Be mindful of the language we use in medicine

By | April 30, 2019

At LGBTQ health conferences, I am always impressed by how much care and consideration is given to providing a safer space for all who are present. For example, the check-in process typically involves a volunteer asking the attendee whether or not they are OK with having their photo taken. Furthermore, a quiet room is usually available if anyone needs to decompress, and attendees are asked to refrain from wearing perfume or cologne in order to provide a scent-free environment. The intention is, all are welcome.

During one such conference I attended recently, one of the first speakers was a prominent gay researcher. “Imagine the following scenario,” he instructed the audience. “Picture Ryan Gosling — he’s hot, he’s thin, there’s nothing wrong.” The audience laughed at his candor, and he continued, “An HIV-negative gay man sees Ryan Gosling at a bar and in fact, there’s Ryan Gosling #1 and Ryan Gosling #2. Ryan Gosling #1 is HIV-positive and is taking medication to suppress his viral load; Ryan Gosling #2, on the other hand, says he’s HIV-negative but he hasn’t actually been tested in three years. In other words, Ryan Gosling #1 knows his status and is being treated whereas Ryan Gosling #2 doesn’t know his HIV status. Which Ryan Gosling is the better choice in order to minimize the risk of HIV transmission?”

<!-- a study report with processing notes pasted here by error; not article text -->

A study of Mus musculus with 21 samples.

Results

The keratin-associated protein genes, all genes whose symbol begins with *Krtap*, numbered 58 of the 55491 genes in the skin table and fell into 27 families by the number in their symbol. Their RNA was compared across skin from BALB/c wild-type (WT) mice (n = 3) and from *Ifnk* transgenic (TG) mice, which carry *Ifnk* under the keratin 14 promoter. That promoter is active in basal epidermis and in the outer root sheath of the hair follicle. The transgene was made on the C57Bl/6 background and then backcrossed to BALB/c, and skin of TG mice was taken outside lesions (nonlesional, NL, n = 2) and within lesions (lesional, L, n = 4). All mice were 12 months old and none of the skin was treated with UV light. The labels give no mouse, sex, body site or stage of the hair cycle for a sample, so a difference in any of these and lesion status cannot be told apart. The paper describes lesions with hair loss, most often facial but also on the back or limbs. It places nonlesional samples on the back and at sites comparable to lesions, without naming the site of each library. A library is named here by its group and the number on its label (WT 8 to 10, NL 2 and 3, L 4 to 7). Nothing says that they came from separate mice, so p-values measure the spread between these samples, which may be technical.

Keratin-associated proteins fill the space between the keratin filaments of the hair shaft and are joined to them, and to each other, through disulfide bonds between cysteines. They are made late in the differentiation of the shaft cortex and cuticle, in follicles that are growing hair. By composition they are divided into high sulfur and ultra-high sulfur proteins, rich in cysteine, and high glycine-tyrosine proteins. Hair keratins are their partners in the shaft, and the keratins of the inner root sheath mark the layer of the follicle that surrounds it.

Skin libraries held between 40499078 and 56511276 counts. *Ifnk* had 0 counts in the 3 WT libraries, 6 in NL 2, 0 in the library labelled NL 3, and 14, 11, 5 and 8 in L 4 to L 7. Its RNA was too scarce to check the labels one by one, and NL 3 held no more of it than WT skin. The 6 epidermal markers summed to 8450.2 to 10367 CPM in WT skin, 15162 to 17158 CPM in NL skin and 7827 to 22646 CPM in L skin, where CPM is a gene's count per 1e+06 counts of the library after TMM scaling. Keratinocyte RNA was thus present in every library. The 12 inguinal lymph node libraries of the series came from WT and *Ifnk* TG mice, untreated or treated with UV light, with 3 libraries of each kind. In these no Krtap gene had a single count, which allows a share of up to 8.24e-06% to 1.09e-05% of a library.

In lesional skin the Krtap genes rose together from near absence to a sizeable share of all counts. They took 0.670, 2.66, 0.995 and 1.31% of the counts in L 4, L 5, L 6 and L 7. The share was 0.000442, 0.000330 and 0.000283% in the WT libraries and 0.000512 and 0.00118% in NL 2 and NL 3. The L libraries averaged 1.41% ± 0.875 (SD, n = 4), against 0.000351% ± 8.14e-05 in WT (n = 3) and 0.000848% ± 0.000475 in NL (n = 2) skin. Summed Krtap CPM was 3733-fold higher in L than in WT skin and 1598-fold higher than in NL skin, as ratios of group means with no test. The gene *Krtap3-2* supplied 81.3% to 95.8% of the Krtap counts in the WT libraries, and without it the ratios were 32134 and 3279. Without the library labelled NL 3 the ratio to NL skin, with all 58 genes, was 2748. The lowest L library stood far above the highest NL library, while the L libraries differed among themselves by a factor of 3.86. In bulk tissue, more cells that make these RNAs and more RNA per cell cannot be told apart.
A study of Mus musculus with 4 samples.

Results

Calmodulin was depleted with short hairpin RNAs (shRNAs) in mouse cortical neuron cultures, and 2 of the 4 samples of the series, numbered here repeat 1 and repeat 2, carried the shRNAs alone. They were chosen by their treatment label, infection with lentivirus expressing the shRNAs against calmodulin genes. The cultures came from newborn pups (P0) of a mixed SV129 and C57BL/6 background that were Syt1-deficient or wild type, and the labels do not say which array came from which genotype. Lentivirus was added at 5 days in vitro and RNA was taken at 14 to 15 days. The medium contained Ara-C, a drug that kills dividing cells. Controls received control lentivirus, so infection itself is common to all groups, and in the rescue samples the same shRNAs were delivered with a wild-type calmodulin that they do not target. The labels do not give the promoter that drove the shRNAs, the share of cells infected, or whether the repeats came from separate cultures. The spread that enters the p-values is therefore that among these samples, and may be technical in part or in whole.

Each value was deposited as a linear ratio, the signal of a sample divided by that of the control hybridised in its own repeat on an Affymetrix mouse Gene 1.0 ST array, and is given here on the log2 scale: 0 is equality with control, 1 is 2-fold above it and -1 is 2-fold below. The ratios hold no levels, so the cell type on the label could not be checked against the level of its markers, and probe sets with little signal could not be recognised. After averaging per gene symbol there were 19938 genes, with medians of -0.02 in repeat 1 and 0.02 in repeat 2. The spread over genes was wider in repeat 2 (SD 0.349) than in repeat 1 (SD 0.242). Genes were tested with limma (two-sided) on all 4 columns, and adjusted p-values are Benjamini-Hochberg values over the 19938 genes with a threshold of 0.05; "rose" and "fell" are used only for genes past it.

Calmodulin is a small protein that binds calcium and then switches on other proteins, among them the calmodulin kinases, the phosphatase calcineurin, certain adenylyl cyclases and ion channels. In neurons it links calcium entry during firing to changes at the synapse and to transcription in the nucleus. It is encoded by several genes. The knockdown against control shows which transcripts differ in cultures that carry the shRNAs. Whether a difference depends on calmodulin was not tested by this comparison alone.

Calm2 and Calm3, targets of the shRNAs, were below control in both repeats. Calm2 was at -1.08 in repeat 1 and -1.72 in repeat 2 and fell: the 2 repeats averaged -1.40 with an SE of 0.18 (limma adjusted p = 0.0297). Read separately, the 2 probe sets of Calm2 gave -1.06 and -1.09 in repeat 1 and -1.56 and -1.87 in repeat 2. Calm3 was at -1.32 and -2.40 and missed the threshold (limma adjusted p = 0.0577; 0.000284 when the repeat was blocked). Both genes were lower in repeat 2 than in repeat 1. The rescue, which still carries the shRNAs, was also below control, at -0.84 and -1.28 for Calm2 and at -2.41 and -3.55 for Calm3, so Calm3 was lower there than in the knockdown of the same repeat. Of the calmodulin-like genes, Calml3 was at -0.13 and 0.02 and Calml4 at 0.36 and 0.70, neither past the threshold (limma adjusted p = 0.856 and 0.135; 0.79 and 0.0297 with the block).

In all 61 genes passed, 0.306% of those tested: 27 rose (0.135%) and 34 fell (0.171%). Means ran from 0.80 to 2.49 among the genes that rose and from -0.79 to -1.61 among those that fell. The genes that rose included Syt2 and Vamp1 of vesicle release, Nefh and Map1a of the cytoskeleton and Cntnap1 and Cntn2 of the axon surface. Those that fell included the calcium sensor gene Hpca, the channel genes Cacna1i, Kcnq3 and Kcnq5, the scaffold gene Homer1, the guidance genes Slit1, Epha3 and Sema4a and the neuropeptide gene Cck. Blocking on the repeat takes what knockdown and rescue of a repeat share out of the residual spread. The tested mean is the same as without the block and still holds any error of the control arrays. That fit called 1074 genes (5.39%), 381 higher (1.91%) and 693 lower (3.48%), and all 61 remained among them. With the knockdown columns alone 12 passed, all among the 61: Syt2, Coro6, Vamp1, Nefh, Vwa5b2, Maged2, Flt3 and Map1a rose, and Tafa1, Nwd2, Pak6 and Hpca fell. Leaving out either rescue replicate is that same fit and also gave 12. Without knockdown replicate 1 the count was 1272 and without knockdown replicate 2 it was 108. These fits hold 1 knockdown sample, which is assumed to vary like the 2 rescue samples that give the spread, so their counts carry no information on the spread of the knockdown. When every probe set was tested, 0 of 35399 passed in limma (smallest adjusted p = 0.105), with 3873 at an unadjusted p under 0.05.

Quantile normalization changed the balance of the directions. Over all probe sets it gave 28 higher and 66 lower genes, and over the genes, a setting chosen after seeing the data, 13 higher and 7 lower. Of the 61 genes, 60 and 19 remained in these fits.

The answer, of course, is Ryan Gosling #1. The presentation was an informative overview of HIV transmission and the various factors that affect this — not only the biomedical advances that have been made over the years, but also the contributing behavioral, social and structural variables. However, what caught my attention during this presentation and has been on my mind ever since has nothing to do with HIV; rather, it’s the language that the speaker used to describe Ryan Gosling: “He’s hot, he’s thin, there’s nothing wrong.” The clear implication was that if he wasn’t thin, there would be something wrong. This is a microaggression — a remark that subtly expressed a prejudiced attitude toward and reinforced a sense of inferiority for anyone in attendance who did not consider themselves to be “thin.”

Researchers who study microaggressions typically focus on racial or LGBT microaggressions. However, the conference speaker’s cavalier comment demonstrates that people whose bodies do not align with the societal conception of “ideal weight” are also affected by microaggressions. Fortunately, in recent years, the microaggressions framework has also begun to be applied to the study of weight stigma.

Pointing out the prevalence of microaggressions is not about enforcing political correctness; rather, the intention is much deeper than that. In medicine, we pledge to do no harm, yet our words can sometimes cause more harm than we realize. I know that I too have occasionally made insensitive comments, not intentionally, but simply out of ignorance or in a hasty moment of carelessness. Even those of us who are members of marginalized groups like the conference speaker still find microaggressions slipping out of our mouths from time to time — we are not immune. Fortunately, additional research has recently been done to propose strategies for effectively and constructively responding to microaggressions. Also, since microaggressions often reveal our biases, it may be helpful to spend a few minutes taking an Implicit Association Test. No one is perfect, but we can all do a better job of being mindful about the language we use.

Shannon Casey is a physician assistant.